Given that almost all aspects of domestic hi-fi front-end has already gone digital these days – digital radio broadcasts, CDs, DVDs, digital music downloads, etc. Are our hi-fi loudspeakers the next component to go digital?
By: Ringo Bones
Virtually all aspects of hi-fi that’s still commercially viably traded has already gone digital, thanks to the slogan Going Digital and Digital Ready being brandished about for much of the 1990s. As in digital radio broadcasts, digital music downloads, CDs, DVDs, digital preamplifiers, digital power amplifiers, etc. Even analog TV broadcasts in the US has since virtually gone digital back in the middle of 2009. But has anyone recently checked if the humble hi-fi workhorse, namely the ubiquitous hi-fi loudspeaker, has already gone digital?
Back in September 1998, a start-up digital speaker development company called “1…Limited” has then announced a new drive to attract investors and partners (I smell IPO?). The Cambridge-based company at the time aimed to make its innovative technology out of the laboratory and into production – and hopefully into your listening room – within two years. The design concept of 1…Limited was a panel matrix loudspeaker which runs from raw digital code (SPDIF?) without the need for any Digital to Analog Converter (DAC) or power amplifier. Given that our ears – as far as we know at present – are analog and, therefore, a digital speaker must create sound waves in the air by integrating air pressure pulses – from an amplified bitstream from either CD or DVD player into the listening room.
During the past 30 years or so, all major consumer electronic manufacturing firms – Philips, Sony, Panasonic, etc. – have been working on digital speakers, more often than not filing their very own patents to the nearest patent office of their very own versions of the same theme – i.e. digital loudspeakers. And all of them eventually found out first-hand the nasty surprise that’s in store.
Full working details of a digital loudspeaker were already published back in April 1980 – three years before CD was commercially launched by Sony and Philips. The article appeared in the now defunct magazine called Hi-Fi For Pleasure. The author was Stan Curtis – who eventually invented the audiophile CD player in 1985, later became MD of Wharfedale loudspeakers and Chairman of IAG, which owns the hi-fi company Quad. Stan Curtis’ article was spread over two pages and included a block circuit diagram and sketches said to be taken from a patent application filed by a Japanese company.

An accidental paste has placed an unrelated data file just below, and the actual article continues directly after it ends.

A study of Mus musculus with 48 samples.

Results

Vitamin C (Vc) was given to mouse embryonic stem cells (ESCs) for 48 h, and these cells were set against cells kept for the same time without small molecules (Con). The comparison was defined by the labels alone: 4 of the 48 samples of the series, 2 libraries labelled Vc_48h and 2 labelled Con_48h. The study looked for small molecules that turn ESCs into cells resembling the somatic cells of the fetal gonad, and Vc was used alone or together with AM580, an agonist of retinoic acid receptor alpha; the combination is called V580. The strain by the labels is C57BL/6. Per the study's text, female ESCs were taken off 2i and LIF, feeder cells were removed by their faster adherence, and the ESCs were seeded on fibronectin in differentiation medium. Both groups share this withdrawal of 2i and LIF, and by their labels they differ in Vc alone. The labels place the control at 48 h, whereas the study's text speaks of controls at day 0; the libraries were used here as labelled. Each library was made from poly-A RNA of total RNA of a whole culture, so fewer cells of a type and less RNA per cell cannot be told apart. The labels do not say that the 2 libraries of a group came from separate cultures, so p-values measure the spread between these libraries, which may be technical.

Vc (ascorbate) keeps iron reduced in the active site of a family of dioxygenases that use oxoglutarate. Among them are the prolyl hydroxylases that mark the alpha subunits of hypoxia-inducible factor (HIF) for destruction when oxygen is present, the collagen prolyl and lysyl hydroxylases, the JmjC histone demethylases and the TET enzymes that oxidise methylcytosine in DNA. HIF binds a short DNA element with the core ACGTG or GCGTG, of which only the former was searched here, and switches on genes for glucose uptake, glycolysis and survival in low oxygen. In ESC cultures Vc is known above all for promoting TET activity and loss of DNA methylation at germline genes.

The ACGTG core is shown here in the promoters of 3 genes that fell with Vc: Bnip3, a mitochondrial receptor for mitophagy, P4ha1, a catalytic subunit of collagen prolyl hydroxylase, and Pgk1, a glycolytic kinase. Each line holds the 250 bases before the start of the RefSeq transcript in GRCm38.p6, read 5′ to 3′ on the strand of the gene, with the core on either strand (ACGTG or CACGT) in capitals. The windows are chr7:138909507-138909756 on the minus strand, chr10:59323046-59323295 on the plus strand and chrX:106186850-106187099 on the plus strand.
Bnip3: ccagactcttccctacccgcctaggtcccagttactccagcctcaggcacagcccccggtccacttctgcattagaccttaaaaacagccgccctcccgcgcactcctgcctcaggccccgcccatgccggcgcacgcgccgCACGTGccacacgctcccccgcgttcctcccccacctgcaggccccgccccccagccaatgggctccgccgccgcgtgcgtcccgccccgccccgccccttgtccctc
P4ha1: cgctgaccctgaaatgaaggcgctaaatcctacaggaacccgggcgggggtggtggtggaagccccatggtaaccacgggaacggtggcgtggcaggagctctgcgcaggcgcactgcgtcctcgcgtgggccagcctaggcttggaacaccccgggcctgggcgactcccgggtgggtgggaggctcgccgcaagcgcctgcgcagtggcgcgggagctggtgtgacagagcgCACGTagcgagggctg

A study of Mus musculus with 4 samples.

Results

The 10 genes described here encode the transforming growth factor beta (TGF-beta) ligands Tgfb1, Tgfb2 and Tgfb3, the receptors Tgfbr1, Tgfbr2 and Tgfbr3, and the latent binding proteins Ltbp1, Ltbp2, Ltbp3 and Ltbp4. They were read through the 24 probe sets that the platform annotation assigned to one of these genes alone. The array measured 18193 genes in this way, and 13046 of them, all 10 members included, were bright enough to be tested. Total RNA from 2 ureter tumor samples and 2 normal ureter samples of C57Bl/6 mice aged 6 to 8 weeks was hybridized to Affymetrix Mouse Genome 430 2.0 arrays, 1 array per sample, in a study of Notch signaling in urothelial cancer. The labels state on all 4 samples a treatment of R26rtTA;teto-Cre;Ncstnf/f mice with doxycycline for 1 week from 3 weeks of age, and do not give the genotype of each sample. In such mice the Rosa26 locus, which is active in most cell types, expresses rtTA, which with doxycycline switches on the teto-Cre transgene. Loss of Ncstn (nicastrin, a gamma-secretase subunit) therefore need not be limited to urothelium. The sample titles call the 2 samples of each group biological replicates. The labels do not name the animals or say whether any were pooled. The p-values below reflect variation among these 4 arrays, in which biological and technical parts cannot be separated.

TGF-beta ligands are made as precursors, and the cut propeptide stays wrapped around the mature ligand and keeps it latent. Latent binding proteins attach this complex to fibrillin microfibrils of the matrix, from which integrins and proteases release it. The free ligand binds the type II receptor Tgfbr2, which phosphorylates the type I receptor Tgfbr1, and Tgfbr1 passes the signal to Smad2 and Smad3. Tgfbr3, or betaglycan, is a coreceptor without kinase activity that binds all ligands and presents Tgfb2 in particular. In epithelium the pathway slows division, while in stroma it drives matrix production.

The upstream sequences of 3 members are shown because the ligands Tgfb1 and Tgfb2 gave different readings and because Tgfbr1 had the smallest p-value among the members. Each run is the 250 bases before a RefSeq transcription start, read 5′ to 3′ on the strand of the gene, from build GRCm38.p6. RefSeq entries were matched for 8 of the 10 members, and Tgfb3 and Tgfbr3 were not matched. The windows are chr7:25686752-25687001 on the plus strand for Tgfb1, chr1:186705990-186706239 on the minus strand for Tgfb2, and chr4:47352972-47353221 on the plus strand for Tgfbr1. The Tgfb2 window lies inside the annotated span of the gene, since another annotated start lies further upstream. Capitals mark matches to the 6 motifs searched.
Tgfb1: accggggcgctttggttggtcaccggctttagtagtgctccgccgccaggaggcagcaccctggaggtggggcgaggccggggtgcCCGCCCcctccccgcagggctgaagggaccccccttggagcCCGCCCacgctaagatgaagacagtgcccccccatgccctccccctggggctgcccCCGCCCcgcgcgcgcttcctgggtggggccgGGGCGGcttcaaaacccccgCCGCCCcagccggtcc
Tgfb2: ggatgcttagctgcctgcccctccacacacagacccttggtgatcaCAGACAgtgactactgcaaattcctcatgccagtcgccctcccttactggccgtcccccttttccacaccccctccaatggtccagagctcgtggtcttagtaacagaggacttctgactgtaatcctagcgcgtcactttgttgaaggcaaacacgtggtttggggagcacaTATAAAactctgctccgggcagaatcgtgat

The system was called DARTS, or Digital Action Reaction Transmission Speaker, and it has been developed by NEBCO, the Osaka-based Nippon Electrical Bearing Company. Before reporting on the demonstration to selected journalists, Curtis reminded everyone that the loudspeaker has been the major stumbling-block to any progress in the digital chain – i.e. a truly all-digital hi-fi system.
NEBCO set up a demonstration using specially produced digital discs replayed on a prototype Sony disc player. According to Stan Curtis, the subjective performance defies description. There was no noise, no distortion, no coloration, wow and flutter or rumble, and apparently unlimited reserves of volume. The result could not be compared to anything heard previously: it was just so real. One particular revealing passage was an atmospheric-sounding street recording. Being reproduced at sensible level, the effect was as though someone had opened a window out on to the street.
NEBCO’s sketches showed a flat panel built from a helix of numerous tiny pistons, selectively triggered by a digital bitstream. For low-level sound, only the central drivers were switched on, to pump a few packet pulses of air. As the pitch and volume or a note rose, more drivers were rapidly triggered. At maximum sound level, all the drivers pumped. The discrete packets of air integrated in the room to create an analogue soundwave. Because each driver was either on or off, there could be no distortion or coloration like that found in a conventional analog speaker.
NEBCO promised a 450-quid bookshelf version, but it never appeared. Those in the know where not surprised because Stan Curtis wrote the article under the pseudonym Olaf Pirol – an anagram of April Fool. For all intents and purposes, DARTS was an elaborate hoax to celebrate the first of April 1980 a.k.a.April Fools Day. When 1998 rolled in, only a few hi-fi industry insiders knew the truth. But Stan Curtis eventually owned up to the elaborate hoax that he created through a trade magazine called Inside Hi-Fi in 1998. A few years later, he still finds hi-fi designers who wonder whatever happened to DARTS.
Unfortunately, most existing patent laws around the world makes no distinction between fact and fiction, a mere blueprint from an actual functioning and working prototype. In short, you can definitely patent a blueprint even if the device portrayed by it doesn’t work in real life. Although Olaf Pirol’s digital speaker article was fiction, it will still block anyone who now tries to patent a similar idea as fact – even if he or she possesses a working prototype.